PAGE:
Wells Fargo has reached an agreement that will see it pay $50 million to settle a class-action suit brought against on allegations of that the embattled U.S. bank overcharged numerous homeowners for appraisals.
If approved by an Oakland, Calif. court, the settlement will call for the lender to mail checks to some 250,000 homeowners across the nation whom it had allegedly cheated through unusually high home appraisal charges. Customers qualified for checks are those whose home loans were serviced by Wells Fargo from the period 2005 to 2010.
The checks are to be distributed in 2017, if approved by a judge.
Homeowners who default on mortgage loans are typically charged a fee for an appraisal, also known as the broker price opinion, of the current value of their homes. Wells Fargo was accused in the lawsuit filed in 2012 of using a subsidiary of the bank for these appraisals while also inflating the cost.
Homeowners were charged between $95 and $120 per appraisal, according to the suit, even though the National Association of BPO Professionals put actual cost at $30 or less.
The complaint stated that these appraisal fees were usually hard to detect because they were given vague descriptions, such as “other charges” or “other fees.”
Roland Tellis, a lawyer with the law firm Baron & Budd which represented the homeowners, said checks will be for around $120 for each of the affected customers.
“People who are behind on their loans are the people who can least afford to be charged marked-up fees, but unfortunately, that’s exactly what happened,” Tellis said.
Wells Fargo has backed its procedures and disagreed with claims made in the lawsuit.
“While we believe our practices related to Broker Price Opinions were proper and disagree with the claims in the lawsuit, we have agreed to settle the matter to avoid further litigation,” spokesman Tom Goyda told USA TODAY.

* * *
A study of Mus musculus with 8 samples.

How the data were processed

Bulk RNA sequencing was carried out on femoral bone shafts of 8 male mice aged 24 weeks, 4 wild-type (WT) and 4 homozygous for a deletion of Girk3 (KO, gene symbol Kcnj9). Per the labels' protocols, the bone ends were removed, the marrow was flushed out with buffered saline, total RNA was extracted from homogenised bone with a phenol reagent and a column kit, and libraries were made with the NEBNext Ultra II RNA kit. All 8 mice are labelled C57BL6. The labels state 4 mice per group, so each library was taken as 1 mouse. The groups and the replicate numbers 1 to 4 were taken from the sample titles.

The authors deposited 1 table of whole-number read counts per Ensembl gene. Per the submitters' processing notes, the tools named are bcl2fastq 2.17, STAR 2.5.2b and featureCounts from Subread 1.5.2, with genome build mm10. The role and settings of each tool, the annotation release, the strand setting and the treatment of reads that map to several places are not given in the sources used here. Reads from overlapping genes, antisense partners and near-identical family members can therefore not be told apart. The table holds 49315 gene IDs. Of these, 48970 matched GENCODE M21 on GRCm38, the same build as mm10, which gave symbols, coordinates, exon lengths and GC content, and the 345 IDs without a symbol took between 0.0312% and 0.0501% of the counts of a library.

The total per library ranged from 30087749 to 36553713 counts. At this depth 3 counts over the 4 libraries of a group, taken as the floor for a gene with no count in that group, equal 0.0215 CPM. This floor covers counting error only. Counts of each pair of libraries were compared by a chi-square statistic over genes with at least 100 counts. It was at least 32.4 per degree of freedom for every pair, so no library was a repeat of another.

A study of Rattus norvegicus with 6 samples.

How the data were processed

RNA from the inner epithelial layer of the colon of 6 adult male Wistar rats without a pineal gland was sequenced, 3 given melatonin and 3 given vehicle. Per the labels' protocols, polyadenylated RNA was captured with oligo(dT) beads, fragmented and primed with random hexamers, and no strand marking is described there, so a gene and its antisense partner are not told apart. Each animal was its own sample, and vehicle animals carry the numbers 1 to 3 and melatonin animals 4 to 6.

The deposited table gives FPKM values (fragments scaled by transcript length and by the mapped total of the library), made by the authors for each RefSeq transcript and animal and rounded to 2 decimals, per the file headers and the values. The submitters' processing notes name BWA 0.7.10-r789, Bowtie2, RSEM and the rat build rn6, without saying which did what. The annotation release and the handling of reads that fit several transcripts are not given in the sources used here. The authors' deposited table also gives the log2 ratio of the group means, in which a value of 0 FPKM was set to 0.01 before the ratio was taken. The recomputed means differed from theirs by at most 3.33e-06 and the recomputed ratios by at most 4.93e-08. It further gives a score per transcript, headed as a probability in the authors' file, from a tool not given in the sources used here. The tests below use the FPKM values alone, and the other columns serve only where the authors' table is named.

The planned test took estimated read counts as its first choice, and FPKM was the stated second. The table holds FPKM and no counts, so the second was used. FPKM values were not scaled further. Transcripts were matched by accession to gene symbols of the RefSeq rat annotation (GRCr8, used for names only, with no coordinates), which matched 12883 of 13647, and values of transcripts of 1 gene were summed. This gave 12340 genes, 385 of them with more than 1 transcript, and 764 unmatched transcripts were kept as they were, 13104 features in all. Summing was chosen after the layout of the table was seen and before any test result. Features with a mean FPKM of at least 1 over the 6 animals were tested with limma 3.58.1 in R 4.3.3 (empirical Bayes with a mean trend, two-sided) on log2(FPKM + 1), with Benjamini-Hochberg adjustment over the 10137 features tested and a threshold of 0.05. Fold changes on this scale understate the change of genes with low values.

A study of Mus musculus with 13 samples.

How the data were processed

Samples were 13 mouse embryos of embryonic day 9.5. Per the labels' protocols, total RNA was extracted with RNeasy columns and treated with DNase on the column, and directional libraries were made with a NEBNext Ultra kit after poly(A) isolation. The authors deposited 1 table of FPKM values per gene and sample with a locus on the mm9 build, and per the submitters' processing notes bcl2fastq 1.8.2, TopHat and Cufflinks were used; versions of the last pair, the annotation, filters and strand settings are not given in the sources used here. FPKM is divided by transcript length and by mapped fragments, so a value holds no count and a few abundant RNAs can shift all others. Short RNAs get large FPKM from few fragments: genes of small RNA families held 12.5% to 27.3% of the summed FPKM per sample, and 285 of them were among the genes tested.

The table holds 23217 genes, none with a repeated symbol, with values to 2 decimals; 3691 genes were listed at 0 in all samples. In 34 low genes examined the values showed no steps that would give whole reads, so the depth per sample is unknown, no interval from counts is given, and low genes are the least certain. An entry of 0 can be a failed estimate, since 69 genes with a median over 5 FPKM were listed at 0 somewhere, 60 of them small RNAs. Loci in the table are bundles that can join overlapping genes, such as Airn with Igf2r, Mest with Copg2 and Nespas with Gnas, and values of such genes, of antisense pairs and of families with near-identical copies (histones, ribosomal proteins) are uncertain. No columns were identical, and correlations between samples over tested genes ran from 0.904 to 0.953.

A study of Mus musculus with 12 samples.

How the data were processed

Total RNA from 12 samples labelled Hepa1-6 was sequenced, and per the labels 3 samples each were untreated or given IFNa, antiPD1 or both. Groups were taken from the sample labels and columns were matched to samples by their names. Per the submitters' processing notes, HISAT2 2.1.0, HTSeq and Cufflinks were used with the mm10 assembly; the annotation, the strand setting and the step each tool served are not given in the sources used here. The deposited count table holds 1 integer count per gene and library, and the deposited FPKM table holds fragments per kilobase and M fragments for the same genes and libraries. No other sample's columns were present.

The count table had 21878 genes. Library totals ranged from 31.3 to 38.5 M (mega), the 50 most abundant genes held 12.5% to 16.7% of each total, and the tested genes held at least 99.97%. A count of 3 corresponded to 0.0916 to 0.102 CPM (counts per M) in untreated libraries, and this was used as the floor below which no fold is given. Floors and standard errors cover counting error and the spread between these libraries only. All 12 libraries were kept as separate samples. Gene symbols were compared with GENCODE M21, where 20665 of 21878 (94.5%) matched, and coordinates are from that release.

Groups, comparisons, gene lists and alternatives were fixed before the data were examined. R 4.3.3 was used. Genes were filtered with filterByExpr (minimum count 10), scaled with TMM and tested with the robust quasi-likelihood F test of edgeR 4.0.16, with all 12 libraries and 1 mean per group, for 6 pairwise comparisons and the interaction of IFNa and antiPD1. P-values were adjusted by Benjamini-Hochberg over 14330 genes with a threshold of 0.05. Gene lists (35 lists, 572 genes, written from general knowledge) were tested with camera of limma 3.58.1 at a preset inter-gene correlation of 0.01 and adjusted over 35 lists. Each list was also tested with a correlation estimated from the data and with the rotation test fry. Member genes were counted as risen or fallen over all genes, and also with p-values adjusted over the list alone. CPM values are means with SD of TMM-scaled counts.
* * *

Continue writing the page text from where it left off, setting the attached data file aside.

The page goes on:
The Wells Fargo spokesman said the settlement will cover payment to class members as well as attorney fees and legal costs.
The home appraisal overcharge lawsuit was just one of the legal battles Wells Fargo has been drawn into. Just recently, a scandal broke out over the bank’s sales strategy. Its employees were alleged to have opened as many as two million accounts without customer authorizations in a bid to meet sales target.
That scandal has put the bank under intense scrutiny, with some outraged customers moving accounts elsewhere. The lender has been questioned by both lawmakers and prosecutors on the sham account openings.
Senator Elizabeth Warren has been especially critical of Wells Fargo for its role in the sham-account scandal. The Democrat lawmaker, who represents Massachusetts, has also questioned the role of the bank’s independent auditor KPMG for failing to detect illegal activities in its audits.
In a survey by CG42, about 14 percent of 1,000 Wells Fargo customers said they had decided to move their accounts to another bank following the scandal. The advisory firm estimated that the unauthorized account openings could cost the San Francisco-based lender $99 billion in deposits and cause a $4 billion loss in revenue.